The Federal Employees Retirement System has 3 components: the FERS basic benefit, Social Security benefit, and the Thrift Savings Plan benefit. Because Social Security is one component, often it can be confusing how each one affects the other and how they are related to one another. This becomes especially true if you become disabled and need disability benefits. The following will help you understand how these 2 programs relate to one another.
- You need to 18 months of creditable federal civilian service to qualify for federal disability retirement, and you must have become disabled in a position while in federal service
- The disability must last at least one year
- Your agency must certify that it is unable to accommodate your medical condition in your current position and it has considered you for any vacant position in the same agency at the same grade and pay level, within the same commuting area, for you which you are qualified for reassignment
- You, or your legal guardian, must apply before your separation of service, or with one year
- You must apply for Social Security benefits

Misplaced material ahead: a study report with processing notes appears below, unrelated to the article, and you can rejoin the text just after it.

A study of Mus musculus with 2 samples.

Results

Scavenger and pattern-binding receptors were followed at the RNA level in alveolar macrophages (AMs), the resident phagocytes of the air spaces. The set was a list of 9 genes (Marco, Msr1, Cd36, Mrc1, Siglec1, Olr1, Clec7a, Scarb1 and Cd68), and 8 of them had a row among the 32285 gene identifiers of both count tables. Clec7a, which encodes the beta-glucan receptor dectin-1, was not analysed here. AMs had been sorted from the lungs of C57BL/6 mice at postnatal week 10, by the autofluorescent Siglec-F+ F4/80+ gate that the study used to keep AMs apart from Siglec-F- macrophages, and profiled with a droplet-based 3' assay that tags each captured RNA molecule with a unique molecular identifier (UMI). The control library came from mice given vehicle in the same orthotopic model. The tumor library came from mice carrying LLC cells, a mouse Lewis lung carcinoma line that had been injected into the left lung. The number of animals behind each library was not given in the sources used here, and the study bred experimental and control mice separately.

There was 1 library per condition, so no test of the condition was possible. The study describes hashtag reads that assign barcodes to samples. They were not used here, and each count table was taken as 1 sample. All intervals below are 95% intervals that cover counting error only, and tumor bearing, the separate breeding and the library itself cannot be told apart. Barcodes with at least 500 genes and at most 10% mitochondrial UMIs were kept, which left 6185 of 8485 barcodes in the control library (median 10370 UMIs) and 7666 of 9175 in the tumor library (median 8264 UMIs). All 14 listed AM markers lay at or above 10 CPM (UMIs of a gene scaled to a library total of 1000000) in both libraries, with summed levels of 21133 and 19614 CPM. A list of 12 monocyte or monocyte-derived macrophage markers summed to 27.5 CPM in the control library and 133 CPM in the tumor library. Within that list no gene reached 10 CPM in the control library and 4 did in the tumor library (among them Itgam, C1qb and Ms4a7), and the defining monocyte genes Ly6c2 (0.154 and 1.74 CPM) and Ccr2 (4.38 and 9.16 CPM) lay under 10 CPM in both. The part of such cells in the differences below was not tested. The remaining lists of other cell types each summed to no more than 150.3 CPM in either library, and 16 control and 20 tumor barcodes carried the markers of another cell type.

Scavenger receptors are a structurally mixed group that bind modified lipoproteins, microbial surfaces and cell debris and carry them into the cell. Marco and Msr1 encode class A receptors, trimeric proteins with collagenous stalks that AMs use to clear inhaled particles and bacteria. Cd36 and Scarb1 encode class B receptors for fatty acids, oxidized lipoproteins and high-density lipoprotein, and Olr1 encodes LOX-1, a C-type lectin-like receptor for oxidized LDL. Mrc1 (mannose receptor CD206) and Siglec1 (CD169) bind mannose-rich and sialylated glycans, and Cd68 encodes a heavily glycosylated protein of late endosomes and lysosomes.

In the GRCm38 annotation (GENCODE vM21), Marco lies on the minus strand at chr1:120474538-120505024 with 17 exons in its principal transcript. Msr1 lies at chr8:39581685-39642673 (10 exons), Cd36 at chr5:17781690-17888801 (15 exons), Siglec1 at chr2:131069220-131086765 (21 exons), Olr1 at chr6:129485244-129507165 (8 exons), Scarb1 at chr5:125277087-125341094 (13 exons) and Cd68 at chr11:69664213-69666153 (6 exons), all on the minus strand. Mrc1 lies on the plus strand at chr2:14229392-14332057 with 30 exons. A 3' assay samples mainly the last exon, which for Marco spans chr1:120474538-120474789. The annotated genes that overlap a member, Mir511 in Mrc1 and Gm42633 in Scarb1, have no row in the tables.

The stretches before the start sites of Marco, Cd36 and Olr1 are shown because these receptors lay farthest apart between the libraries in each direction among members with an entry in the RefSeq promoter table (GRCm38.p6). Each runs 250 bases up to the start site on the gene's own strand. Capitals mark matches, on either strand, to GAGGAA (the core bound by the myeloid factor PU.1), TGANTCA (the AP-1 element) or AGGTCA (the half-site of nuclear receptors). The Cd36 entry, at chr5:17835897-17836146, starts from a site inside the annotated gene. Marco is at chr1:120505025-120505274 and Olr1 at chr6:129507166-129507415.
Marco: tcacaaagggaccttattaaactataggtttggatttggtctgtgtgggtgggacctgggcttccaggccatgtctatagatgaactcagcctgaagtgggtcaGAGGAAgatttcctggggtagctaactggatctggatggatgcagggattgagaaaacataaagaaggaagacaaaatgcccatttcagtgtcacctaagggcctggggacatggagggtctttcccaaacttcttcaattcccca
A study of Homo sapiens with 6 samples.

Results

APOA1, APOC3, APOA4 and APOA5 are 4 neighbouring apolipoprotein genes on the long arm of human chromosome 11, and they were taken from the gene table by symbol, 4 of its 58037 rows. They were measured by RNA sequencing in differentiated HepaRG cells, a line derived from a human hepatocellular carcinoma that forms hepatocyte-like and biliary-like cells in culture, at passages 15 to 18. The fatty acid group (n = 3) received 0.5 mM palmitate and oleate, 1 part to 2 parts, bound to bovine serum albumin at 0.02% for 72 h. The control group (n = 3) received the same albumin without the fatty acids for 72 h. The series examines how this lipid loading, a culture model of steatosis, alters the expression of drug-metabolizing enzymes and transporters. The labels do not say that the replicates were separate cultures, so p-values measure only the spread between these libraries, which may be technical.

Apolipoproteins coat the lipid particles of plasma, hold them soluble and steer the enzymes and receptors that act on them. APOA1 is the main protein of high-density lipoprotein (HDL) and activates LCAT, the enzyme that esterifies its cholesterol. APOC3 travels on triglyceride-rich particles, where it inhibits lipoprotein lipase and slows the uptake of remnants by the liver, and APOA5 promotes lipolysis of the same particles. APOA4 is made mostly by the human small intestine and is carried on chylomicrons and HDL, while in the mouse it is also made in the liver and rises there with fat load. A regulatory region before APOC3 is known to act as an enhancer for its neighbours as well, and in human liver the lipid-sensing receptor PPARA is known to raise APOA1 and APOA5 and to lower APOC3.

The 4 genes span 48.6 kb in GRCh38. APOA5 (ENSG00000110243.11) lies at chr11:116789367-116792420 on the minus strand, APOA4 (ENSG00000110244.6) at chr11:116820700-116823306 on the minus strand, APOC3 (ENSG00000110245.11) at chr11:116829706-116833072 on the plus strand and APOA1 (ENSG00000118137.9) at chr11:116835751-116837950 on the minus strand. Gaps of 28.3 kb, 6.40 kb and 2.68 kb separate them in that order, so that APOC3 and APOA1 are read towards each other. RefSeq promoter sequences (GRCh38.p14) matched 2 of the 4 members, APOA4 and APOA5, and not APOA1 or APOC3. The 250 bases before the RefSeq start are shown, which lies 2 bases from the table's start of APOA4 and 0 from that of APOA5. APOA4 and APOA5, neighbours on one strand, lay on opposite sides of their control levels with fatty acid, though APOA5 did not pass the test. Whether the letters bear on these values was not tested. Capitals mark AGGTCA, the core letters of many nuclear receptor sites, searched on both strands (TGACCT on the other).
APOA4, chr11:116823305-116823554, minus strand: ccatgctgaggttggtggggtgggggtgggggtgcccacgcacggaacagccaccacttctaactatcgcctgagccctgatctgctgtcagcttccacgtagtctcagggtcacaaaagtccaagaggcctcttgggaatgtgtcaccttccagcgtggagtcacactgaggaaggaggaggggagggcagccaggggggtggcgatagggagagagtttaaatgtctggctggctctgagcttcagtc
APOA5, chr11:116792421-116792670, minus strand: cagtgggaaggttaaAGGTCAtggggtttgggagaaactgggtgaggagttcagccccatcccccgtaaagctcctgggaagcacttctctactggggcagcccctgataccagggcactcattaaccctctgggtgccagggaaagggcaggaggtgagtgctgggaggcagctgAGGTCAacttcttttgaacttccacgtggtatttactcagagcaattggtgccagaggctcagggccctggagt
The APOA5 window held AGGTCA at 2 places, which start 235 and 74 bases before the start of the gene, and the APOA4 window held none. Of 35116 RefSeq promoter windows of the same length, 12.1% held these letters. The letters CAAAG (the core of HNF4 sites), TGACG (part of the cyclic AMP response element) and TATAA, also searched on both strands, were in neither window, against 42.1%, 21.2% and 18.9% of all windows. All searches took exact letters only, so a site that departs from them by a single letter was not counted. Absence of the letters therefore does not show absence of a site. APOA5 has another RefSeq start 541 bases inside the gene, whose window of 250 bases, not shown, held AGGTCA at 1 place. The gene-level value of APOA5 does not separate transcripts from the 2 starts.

- You must suffer from a long-term (1 year or more) or permanent disability that completely prevents you from performing any type of work. It’s a total and permanent disability benefit awarded when you can’t complete gainful employment.
- You receive 60% of your High-3 salary the first year on federal disability retirement and then 40% of your High-3 every year after that, until age 62.
- Because this type of disability retirement is considered “occupational” and not total or permanent, you can work in the private sector and earn up to 80% of your current salary in any position within your doctors’ restrictions.
- The dollar amount you receive is based on taxes you’ve paid throughout your working life.
**You may have the situation where you receive approval for both benefits. In this case, they offset. Social Security becomes the primary benefit and you receive those payments in full, but your federal disability retirement payments will be reduced by a percentage of Social Security.
- 1st year=FDR-100%SSD
- 2nd year=FDR-60%SSD
Having both these benefits usually results in a higher annuity, but it severely restricts your earnings potential because it completely cuts out the option of being able to earn up to 80% of your salary in the private sector.